Succession Casually Beat A TV Record Held By The Office For 15 Years

“The Office” is easily one of the most successful TV sitcoms of all time. Airing for nine seasons, and starring the likes of John Krasinski, Jenna Fischer, Steve Carell, and Mindy Kaling, its mockumentary format — which chronicled the lives of those who work in a midwestern paper company, and spawned one of the most ubiquitous memes of all time, “that’s what she said” — proved profoundly influential. 

Meanwhile, HBO’s “Succession” — despite being an exceptionally different series from the former — has also become a massive success. “Succession” is six episodes into its third season, and for those who haven’t seen it yet, the show has the same family thrills as “Dynasty,” with toxic family relationships only growing more toxic by the season. 

In “Succession” Season 3, episode 4, “Lion in the Meadow,” two of the main characters have an emotionally charged moment which mirrors something that “The Office” did long ago … and takes it further. Less than a minute further, to be exact.

Kendall and Logan sit together for a record-breaking 48 seconds of silence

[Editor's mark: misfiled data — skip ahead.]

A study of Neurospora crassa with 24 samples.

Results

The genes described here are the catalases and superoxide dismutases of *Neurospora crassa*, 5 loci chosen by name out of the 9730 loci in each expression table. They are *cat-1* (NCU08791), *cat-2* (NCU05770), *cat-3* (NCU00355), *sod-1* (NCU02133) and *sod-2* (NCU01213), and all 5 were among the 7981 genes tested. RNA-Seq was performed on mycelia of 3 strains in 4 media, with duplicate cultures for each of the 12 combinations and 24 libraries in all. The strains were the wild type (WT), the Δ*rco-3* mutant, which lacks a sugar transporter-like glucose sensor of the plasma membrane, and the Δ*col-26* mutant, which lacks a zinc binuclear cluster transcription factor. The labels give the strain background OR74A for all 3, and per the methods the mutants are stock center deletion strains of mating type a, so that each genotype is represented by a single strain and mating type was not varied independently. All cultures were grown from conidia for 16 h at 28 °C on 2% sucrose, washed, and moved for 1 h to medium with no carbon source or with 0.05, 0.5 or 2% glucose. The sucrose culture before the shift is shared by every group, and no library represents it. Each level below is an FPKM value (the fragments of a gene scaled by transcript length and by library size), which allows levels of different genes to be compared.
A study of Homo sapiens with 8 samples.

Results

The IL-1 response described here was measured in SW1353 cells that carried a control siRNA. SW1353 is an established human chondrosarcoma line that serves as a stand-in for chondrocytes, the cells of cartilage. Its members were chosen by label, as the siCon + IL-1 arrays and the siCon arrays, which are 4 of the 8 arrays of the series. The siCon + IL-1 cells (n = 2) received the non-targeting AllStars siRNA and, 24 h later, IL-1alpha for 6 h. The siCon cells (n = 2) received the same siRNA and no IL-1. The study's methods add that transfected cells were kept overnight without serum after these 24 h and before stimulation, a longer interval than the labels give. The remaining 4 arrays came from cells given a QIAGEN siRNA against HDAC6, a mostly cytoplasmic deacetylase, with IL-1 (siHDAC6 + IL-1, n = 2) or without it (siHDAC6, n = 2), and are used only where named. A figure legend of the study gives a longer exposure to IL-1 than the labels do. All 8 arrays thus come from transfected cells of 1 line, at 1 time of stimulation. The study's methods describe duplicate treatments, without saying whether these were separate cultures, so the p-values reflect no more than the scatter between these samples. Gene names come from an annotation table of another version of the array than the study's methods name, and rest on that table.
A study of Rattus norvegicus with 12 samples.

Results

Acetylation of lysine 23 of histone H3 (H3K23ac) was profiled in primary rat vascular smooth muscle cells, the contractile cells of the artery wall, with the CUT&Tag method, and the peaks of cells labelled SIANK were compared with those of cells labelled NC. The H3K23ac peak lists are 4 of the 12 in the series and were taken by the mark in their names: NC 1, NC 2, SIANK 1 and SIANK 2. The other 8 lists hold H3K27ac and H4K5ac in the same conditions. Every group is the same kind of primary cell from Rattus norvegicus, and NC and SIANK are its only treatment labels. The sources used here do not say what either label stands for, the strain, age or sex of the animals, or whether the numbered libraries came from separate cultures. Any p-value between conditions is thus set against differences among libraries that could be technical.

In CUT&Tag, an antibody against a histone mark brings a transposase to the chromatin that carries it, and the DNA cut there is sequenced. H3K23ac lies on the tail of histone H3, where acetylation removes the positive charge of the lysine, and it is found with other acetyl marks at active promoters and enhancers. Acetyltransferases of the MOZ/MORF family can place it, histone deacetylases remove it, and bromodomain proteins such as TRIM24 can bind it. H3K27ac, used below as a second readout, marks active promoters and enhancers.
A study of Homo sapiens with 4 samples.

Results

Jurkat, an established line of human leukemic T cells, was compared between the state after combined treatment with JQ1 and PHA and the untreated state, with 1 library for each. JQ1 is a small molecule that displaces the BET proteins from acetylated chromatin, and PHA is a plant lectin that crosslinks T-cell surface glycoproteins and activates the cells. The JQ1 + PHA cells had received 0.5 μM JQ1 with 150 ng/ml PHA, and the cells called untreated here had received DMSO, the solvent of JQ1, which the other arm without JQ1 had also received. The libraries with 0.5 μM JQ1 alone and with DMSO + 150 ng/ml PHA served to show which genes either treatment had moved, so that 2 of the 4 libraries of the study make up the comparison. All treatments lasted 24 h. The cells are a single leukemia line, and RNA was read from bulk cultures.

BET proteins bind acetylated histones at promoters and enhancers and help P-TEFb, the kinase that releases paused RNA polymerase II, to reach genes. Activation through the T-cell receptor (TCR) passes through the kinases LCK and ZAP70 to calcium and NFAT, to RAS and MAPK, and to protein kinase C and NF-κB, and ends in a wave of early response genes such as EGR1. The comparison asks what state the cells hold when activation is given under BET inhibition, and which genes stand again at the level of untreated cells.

In an emotionally charged moment, Kendall and his estranged father Logan are left alone while one of their business investors has to take a call. The two men sit together in tense silence, letting their body language and facial expressions say everything without saying anything for a total of 48 seconds. 

According to Mashable, this moment of silence is just a bit longer than a similar scene from “The Office” 15 years prior. In that episode, the famous “will they or won’t they?” couple Pam (Jenna Fischer) and Jim (John Krasinski) smile and stare at each other for 23 whole seconds after briefly discussing their relationship problems, no doubt making millions of people jump off their couches and scream “Just tell her you love her, already!”

However, while the similarities between these scenes in “The Office” and “Succession” is easy to draw parallels between, this isn’t the first time that non-dialogue has been used for maximum emotional effect, nor the longest in entertainment history. The classic Pixar film “Wall-E,” as Vulture points out, went a whole 35 minutes without a single stitch of dialogue (minus some of the robots saying their own names like mechanical Pokemon) yet still told a gloriously emotional story. There’s also the old Nickelodeon TV show “Are You Afraid of the Dark,” which used the clever silence trope in Season 4 Episode 4 “The Tale of the Quiet Librarian,” an episode about a spooky librarian with a magic box that sucks away sound, trapping noisy children in her silent library forever. And who can forget the Emmy-nominated episode of “Buffy the Vampire Slayer,” titled “Hush,” which featured a similar plot? Emotionally charged silence is one of the few tropes in TV and cinema that hasn’t been done to death, and is almost always masterfully executed. Here’s hoping we see more of it in the future.